An Olympic Peninsula adventure

As a fisherman for the majority of my short 21 years of life, I can confidently say my favorite area to hike, adventure and interact with nature is the Olympic Peninsula in western Washington state.

I was lucky enough to make it out there this month, and of course I had to wet some flyline during the trip.

My grandfather, who taught me most everything I know about fly fishing, from fly-tying to casting technique, hosted me on the trip.

The two of us, often accompanied by my father and my uncle, have built an extensive knowledge base of area rivers over the last eight years.

“I was thinking we’d try the Lyre and Dungeness, and the Seiku too,” my grandpa said as he and Grandma welcomed me off the plane at Sea-Tac International Airport.

The three rivers mentioned above are just a handful of the glacier- and spring-fed rivers and streams we’ve fished.

Others include the Elwha River (currently closed), Sol Duc River, Bogachiel River, Indian Creek, Dosewallips River and Barne’s Creek.

But why go to so many different rivers?

Trout. That’s why.

Beautiful, intelligent and with relatively low fishing pressure on the peninsula, my grandpa and I have been going after trout for almost a decade in western Washington.

As desireable as trout are to many fisherman, the primary targets in peninsula rivers are steelhead and salmon, ocean-dwelling salmonids that make their way up their natal streams to breed.

Believe me, steelhead fishing is incredibly fun. However, one must wait until there’s a run of fish, and even then it’s incredibly challenging fishing.

Trout, on the other hand, are much more consistent. While most fishermen and women on the peninsula follow the ocean fish patterns, my grandpa and I have had much trout fishing success.

This year, we started this trip on the Seiku River, a short stream that drains north into the Strait of Juan de Fuca, south of Vancouver Island, Canada and east of the Pacific Ocean.

Specifically, we fished the estuary area, where sea meets river, for coastal cutthroat trout.

Cutthroats, named for the orange or red “cut” below their gill area, can be found throughout the U.S. This subspecies, also called sea-run cutthroat, are found along the Pacific Coast of North America.

Coastal cutts have an interesting life history. Like steelhead, they are born in streams but live much of their lives in saltwater. However, they do not follow an annual schedule like their larger cousins, moving in and out of streams as they please.

One way to fish for these saline-loving salmonids is to look at the tides and go to an estuary like at the Seiku.

When the tide rolls in, so do a variety of morsels for the trout to feed on. During this time window, casting a fast-moving streamer fly is most effective. The water is usually clear enough to make out the flash when the fish strikes.

Hard fighters, the larger coastal cutts often require a net to safely land. They jump and run like their steelhead cousins, and can seem tireless.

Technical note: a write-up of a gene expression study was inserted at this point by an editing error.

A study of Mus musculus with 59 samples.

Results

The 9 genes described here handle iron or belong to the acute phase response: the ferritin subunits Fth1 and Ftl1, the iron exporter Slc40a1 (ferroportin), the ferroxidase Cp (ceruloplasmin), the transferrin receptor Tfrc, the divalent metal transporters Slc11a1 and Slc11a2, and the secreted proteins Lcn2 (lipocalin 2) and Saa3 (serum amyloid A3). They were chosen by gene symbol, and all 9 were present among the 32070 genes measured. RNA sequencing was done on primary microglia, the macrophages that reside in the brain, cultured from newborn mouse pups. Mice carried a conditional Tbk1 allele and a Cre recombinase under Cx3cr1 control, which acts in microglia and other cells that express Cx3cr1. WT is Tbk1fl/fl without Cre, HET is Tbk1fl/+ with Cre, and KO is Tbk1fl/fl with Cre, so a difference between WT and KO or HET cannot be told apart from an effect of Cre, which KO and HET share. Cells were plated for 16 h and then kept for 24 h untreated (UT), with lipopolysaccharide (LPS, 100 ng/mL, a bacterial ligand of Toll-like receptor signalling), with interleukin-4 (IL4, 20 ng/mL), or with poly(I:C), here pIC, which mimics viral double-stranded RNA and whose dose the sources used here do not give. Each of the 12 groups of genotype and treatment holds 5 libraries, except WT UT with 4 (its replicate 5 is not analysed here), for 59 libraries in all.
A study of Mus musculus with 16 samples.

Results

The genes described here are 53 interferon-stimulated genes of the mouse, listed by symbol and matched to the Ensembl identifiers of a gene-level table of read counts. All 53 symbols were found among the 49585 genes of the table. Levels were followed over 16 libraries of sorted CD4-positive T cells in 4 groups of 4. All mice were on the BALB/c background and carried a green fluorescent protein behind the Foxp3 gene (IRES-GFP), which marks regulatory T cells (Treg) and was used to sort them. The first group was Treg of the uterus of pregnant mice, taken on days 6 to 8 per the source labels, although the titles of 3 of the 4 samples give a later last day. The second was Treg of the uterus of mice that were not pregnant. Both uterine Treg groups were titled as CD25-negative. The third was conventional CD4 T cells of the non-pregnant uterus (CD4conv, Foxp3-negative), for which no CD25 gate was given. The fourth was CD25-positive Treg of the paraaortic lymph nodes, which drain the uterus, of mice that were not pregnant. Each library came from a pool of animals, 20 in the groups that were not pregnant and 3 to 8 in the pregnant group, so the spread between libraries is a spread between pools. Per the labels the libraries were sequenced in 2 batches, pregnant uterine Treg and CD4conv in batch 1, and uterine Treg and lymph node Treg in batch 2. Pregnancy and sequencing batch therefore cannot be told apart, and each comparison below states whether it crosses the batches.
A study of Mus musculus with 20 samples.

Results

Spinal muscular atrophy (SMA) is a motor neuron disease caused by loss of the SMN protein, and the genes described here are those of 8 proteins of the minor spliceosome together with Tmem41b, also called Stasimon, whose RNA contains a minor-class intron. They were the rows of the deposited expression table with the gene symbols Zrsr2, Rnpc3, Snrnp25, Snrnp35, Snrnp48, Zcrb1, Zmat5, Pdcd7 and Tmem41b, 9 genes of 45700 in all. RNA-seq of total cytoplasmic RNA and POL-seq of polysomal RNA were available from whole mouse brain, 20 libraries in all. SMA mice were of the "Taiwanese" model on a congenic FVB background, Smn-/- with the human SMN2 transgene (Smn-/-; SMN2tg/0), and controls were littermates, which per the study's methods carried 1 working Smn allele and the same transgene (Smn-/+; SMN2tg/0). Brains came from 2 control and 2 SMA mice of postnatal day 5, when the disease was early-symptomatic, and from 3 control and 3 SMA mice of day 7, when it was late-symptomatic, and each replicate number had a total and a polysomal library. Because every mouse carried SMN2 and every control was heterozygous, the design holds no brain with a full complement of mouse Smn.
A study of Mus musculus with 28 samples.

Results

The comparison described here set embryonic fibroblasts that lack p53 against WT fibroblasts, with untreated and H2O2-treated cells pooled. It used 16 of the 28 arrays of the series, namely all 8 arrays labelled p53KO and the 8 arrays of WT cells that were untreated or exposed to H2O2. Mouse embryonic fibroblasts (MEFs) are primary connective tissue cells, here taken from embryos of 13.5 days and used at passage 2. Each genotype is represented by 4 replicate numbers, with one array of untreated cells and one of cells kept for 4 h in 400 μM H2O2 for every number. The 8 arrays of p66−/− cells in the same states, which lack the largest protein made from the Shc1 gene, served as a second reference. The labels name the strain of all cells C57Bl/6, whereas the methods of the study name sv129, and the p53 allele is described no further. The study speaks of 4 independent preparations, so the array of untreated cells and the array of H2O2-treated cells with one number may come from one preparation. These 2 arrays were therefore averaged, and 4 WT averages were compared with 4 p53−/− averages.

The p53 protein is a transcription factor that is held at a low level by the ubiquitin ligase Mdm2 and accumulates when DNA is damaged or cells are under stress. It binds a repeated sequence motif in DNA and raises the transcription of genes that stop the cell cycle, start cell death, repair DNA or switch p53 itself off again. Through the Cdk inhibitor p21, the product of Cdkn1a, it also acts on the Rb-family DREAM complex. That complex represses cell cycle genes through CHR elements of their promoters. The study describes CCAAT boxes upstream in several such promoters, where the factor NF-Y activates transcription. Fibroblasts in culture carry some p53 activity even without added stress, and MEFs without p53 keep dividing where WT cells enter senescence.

I was able to net such a fish on my first catch, as luck would have it. A few yards away, my grandpa was bringing in a cutt of his own when mine yanked hard on the cone-head squid streamer fly I was using. After an acrobatic fight (and several embarrassing attempts to get the fish in my net), I was able to get the fish in hand. I quickly admired it’s natural beauty and coloration, then returned it to it’s habitat.

We continued fishing up and down the first few hundred yards of the Seiku until the tide got high, then moved to the nearby Hoko River, near the misty fishing towns of Clallam Bay and Seiku.

We caught a few small, beautiful rainbow trout, or “dinkers” as my grandpa calls them. They have a silver overtone with a brilliant pink streak down their sides. Above that is a green dorsal area, designed for camouflage.

On fishing day No. 2, Grandpa and I took a short hike on a trail along the upper Dungeness River. Again we caught plenty of rainbows, but in the process we also hooked some native char.

Native char come in two varieties on the peninsula: dolly varden and bull trout. They are identical to the naked eye, and are related to the more common brook trout.

Beautiful fish in their own right, they are mostly olive and grey, with a white belly. Their fins are my favorite part, with red-orange and white coloration.

Satisfied with our fishing outings, Grandpa and I spent a lot of time with family in the Sequim and Seattle area during my trip as well. I explored Seattle with my 3- and 6-year-old cousins, hiked with my grandparents, sister and mom, and laughed plenty with everyone. I really do feel at-home in western Washington, and I hope to make it back out there soon.

I can’t help but imagine a calm, deep blue river flowing vein-like through the thick greenery of the peninsula, runs and riffles full of trout waiting for me to cast a fly.